Are referendum questions a permanent fixture?
By Kris Leonhardt
PORTAGE COUNTY – Have referenda become a permanent fixture on local ballots?
With the rise in the cost of living, inflation, and state caps on spending, local municipalities are finding it more and more difficult to keep up with a changing environment while providing services.
Of the 250 referendum questions posed to state voters in November, 104 of them asked school districts or municipalities to exceed state limits on property tax.
According to the Wisconsin Department of Public Instruction, of the 81 school district referenda posed to voters, 64 passed and 17 failed – a pass rate of nearly 80 percent.
“Combined with elections in the spring, 133 ballot items in 106 school districts were approved in 2022 – the second highest number of questions passed in any year since 2000, behind only 2018 (140,)” stated a report from the Wisconsin Policy Forum.
State limits control the amount that can be collected through local property tax and state aid, and while the budget has allowed for an increase in state aid in the 2022-23 school year, it did not raise the per pupil revenue caps. The high rate of inflation also puts pressure to raise local funding,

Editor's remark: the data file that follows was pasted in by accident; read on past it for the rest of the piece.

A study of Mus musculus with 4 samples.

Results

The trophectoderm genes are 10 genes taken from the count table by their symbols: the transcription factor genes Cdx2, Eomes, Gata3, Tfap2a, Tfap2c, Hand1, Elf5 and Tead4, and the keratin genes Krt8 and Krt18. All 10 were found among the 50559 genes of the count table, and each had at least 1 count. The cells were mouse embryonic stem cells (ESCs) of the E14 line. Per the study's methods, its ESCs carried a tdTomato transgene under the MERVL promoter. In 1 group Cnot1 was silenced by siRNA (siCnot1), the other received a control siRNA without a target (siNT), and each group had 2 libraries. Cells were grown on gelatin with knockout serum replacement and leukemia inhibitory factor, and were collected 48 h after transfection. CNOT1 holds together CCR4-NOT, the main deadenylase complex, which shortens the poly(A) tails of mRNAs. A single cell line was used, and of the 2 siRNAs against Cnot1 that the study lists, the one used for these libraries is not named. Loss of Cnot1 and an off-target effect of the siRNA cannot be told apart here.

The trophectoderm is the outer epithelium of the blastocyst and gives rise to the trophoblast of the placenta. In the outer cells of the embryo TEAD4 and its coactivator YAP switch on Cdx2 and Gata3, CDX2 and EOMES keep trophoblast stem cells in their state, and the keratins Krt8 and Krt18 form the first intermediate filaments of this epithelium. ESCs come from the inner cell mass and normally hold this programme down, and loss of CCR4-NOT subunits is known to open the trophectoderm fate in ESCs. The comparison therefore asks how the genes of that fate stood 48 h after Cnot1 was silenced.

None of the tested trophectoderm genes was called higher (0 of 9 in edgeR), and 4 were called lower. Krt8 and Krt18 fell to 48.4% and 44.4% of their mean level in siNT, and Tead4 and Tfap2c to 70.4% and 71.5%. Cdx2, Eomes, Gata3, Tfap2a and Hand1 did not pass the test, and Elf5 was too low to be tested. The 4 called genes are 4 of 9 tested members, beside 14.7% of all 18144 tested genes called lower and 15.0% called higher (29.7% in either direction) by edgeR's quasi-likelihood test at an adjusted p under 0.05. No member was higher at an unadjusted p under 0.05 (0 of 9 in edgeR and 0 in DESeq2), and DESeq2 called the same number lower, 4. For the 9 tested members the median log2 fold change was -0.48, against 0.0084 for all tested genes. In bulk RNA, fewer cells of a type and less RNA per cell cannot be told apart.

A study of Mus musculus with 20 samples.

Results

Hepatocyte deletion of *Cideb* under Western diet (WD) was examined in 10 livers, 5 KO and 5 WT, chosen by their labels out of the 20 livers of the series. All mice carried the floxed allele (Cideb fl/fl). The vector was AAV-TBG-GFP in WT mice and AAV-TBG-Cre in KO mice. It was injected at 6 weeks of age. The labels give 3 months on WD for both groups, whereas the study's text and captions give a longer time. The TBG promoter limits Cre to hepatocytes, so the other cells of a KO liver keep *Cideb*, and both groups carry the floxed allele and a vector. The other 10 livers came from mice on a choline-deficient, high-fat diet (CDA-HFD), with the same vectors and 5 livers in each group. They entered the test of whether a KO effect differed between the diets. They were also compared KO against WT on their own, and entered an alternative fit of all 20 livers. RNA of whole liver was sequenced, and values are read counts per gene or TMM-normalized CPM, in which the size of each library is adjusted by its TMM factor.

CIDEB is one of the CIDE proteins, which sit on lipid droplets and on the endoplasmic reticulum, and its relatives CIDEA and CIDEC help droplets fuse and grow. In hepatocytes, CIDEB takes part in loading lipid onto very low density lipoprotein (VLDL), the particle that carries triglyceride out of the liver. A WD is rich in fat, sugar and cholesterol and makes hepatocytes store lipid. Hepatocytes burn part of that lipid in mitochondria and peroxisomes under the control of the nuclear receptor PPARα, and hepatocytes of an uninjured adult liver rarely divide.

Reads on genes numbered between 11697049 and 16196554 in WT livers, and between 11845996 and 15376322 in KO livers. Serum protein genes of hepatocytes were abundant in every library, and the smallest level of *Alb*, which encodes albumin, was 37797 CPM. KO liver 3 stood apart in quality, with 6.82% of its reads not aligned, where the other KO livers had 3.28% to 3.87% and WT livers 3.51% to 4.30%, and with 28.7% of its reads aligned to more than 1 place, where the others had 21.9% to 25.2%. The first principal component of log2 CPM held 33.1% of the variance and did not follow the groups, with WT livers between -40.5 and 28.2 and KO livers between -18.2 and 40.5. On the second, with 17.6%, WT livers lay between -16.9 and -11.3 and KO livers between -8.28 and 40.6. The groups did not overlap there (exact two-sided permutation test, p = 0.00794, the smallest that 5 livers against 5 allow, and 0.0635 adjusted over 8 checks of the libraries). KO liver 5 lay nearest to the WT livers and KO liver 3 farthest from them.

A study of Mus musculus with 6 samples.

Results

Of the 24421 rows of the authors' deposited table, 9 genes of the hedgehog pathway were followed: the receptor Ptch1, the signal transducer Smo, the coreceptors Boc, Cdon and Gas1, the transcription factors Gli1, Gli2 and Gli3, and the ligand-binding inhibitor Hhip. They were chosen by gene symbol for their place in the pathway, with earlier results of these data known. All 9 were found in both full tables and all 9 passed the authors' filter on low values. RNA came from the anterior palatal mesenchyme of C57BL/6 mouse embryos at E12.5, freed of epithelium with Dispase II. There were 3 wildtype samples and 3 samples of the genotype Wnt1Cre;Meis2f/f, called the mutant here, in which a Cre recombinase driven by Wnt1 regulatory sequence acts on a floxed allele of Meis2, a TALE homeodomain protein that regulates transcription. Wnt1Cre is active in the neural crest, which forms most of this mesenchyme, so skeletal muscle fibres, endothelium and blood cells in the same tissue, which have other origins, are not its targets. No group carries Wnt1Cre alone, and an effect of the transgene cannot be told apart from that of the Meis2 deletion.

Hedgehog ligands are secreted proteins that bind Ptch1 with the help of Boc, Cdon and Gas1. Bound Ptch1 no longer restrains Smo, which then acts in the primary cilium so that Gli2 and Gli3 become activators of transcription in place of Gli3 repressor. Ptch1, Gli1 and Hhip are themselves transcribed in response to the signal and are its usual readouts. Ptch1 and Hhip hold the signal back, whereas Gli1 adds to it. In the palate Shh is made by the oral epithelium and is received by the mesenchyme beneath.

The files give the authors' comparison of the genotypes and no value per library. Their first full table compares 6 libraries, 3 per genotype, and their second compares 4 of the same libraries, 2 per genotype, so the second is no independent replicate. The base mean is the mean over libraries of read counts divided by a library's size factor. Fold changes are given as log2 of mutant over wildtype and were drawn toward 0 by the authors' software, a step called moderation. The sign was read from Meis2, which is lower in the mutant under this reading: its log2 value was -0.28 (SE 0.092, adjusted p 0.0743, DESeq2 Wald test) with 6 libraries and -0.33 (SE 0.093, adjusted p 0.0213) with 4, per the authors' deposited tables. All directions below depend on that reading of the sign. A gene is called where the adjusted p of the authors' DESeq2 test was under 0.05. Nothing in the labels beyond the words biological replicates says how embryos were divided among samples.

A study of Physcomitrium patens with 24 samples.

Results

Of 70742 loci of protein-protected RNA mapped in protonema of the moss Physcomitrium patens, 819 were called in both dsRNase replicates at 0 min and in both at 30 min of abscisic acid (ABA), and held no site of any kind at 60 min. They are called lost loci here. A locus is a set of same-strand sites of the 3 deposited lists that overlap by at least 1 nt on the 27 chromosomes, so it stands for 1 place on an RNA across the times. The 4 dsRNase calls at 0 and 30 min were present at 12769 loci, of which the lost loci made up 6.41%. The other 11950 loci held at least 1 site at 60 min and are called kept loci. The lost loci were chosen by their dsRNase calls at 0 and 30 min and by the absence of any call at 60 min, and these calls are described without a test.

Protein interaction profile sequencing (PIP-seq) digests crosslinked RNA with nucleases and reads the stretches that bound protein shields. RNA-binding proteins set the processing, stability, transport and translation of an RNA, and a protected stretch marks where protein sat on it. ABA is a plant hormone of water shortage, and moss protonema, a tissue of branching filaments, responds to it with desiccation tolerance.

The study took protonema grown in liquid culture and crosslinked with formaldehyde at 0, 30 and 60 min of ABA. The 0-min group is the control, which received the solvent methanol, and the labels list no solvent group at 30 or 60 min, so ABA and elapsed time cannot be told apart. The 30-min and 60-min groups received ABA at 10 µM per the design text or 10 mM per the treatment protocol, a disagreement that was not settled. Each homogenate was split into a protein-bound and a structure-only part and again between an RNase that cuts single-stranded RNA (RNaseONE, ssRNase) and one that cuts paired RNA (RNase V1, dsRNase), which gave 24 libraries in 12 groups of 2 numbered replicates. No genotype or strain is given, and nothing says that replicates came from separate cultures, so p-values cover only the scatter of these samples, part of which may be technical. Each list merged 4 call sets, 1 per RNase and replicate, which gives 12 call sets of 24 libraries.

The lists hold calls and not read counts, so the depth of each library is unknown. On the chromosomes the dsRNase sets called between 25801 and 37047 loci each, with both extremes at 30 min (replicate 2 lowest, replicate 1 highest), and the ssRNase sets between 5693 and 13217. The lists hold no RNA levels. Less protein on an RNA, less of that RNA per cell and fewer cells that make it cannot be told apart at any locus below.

Throughout the past decade, local municipalities have also been placed under state caps on property tax levies. With limited state aid, many turn to referendums or borrowing.
About 79 percent of the local government referenda passed in November, showing public support for appeals from both municipalities and school districts.
In Portage County, five of the nine referenda involved requests for spending – four of them for transportation projects.
The adoption of an April referendum requires a public vote on any large transportation project. All four of the transportation referenda passed, three of them by close to a 2 to 1 margin.
The lone school referendum for the School District of Waupaca requested “general obligation bonds in an amount not to exceed $3,875,000 for the public purpose of paying the cost of district-wide safety and security upgrades, including point of entry secure entrances and related equipment, building infrastructure improvements and capital maintenance.”
Those Portage County residents in the Waupaca School District approved the move by the same 2-to-1 margin, at 231-110.
With the current economic environment, levy limits, and the success of previous referenda, referendum questions may continue to hit the ballots to make ends meet.